When brainstorming is driven by the piercing sound of a steam whistle, there are bound to be interesting results.

Students and professional entrepreneurs gathered in the North Campus Research Complex Thursday for “unConference,” a non-traditional forum in which participants were free to suggest topics of discussion on current economic challenges.

The event’s organizers hoped participants would thrive on its lack of formal structure and philosophy of free expression. After a short introduction to kick off the event, participants were encouraged to brainstorm ideas or topics and eventually present them to the group of over 250 attendees.

An idea board dominated the front of the room, covered in a colorful array of paper notes representing a huge variety of discussion topics. The topics would be used as fuel for discussion within smaller groups.

When it was time to move along, a steam whistle signaled participants to wrap up their conversations and continue to the next idea. The whistle was made by Maker Works, an Ann-Arbor-based workshop for craftsmen and designers.

UnConference was hosted by Entrepreneurs Engage, a collaboration between the University’s Technology Transfer and the Michigan Venture Capital Association. Both of these organizations aim to develop and market new technology as well as to encourage venture capital in the community.

This year’s conference was a continuation from the inaugural conference last June in which Governor Rick Snyder spoke about burgeoning business opportunities in the state.

Funding for the event was provided by the Michigan Economic Development Corporation, a statewide economic development organization.

Kenneth Nisbet, the executive director of Tech Transfer, said people were encouraged to “come without an agenda.”

This year’s event expanded its duration and the number of invitees over last year. This year there were three different sessions in which groups could gather to discuss their ideas; up from two last year. UnConference invitations were also extended to student entrepreneurs.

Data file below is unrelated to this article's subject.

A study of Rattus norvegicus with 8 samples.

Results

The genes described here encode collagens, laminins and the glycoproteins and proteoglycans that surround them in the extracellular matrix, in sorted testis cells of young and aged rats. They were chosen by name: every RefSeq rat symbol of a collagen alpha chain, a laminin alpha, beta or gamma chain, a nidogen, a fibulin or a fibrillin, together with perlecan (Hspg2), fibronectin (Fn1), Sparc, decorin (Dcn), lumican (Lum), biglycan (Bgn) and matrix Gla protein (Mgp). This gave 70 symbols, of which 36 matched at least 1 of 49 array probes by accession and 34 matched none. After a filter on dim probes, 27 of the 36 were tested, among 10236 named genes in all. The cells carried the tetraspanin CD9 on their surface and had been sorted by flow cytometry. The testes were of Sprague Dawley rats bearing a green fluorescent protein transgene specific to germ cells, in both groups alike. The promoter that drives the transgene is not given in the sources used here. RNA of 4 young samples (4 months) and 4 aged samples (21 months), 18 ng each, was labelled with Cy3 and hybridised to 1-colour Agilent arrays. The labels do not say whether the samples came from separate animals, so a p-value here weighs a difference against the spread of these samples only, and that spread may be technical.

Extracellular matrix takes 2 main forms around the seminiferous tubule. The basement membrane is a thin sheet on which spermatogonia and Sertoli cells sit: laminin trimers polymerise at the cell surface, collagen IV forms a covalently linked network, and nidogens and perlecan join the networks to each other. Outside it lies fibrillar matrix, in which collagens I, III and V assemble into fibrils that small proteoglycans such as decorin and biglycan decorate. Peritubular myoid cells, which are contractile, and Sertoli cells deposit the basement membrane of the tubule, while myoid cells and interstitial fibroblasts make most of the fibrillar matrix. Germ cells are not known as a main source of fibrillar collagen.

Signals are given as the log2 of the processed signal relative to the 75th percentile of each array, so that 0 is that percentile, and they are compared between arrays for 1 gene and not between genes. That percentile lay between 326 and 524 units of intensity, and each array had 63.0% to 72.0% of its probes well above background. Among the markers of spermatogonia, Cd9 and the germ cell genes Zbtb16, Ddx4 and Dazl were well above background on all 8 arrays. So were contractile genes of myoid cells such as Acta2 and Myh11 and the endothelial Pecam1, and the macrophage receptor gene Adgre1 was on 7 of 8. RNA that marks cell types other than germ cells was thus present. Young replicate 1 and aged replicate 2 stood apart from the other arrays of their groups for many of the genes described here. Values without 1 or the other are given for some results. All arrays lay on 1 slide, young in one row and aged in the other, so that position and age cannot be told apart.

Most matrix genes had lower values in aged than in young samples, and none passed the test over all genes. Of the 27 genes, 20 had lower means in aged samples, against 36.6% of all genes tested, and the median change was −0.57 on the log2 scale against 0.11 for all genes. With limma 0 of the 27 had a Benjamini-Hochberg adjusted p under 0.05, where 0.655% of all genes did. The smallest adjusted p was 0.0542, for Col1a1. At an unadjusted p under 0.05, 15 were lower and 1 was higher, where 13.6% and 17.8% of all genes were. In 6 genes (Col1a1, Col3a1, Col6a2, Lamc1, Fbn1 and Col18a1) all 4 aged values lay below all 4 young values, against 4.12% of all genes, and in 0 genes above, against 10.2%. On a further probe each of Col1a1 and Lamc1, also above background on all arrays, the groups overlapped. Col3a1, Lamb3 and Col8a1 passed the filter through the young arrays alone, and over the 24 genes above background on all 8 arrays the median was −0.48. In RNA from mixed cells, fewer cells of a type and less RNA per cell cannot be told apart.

“The University is a great resource to improve the entrepreneurial ecosystem,” Nisbet said. “And the student entrepreneurial culture here is great.”

Nisbet also said that a big goal of unConference is building relationships between professional and student entrepreneurs.

Engineering senior Rama Mwenesi, a student entrepreneur and the president and founder of E-Magine, learned from his project that common motivations can make a team of very different specialists successful.

E-Magine is a student run entrepreneurial organization that is working to bring solar-panel-powered Internet access to rural areas in Africa. The team is currently made up of eight members with majors ranging from engineering to Chinese.

“I heard about the concept of off-the-grid technology providing Internet access to people in remote locations and knew that a prototype had been made,” Mwenesi said. “But once the donation money ran out, the project wasn’t sustainable.”

That setback led him to investigate how to bring long-lasting technology to rural locations and ultimately led him to use self-sustaining solar panels to power the project.

In fitting fashion, the closing remarks came not from the event coordinators but from attendants. When people were asked to share what they appreciated about the event, comments included the aspect community-building, the opportunities extended to student participants and the inviting open space that encouraged engagement.

Nisbet said: “We’re achieving high-level conversations that stimulate new ideas, and all this research is to benefit people and give back.”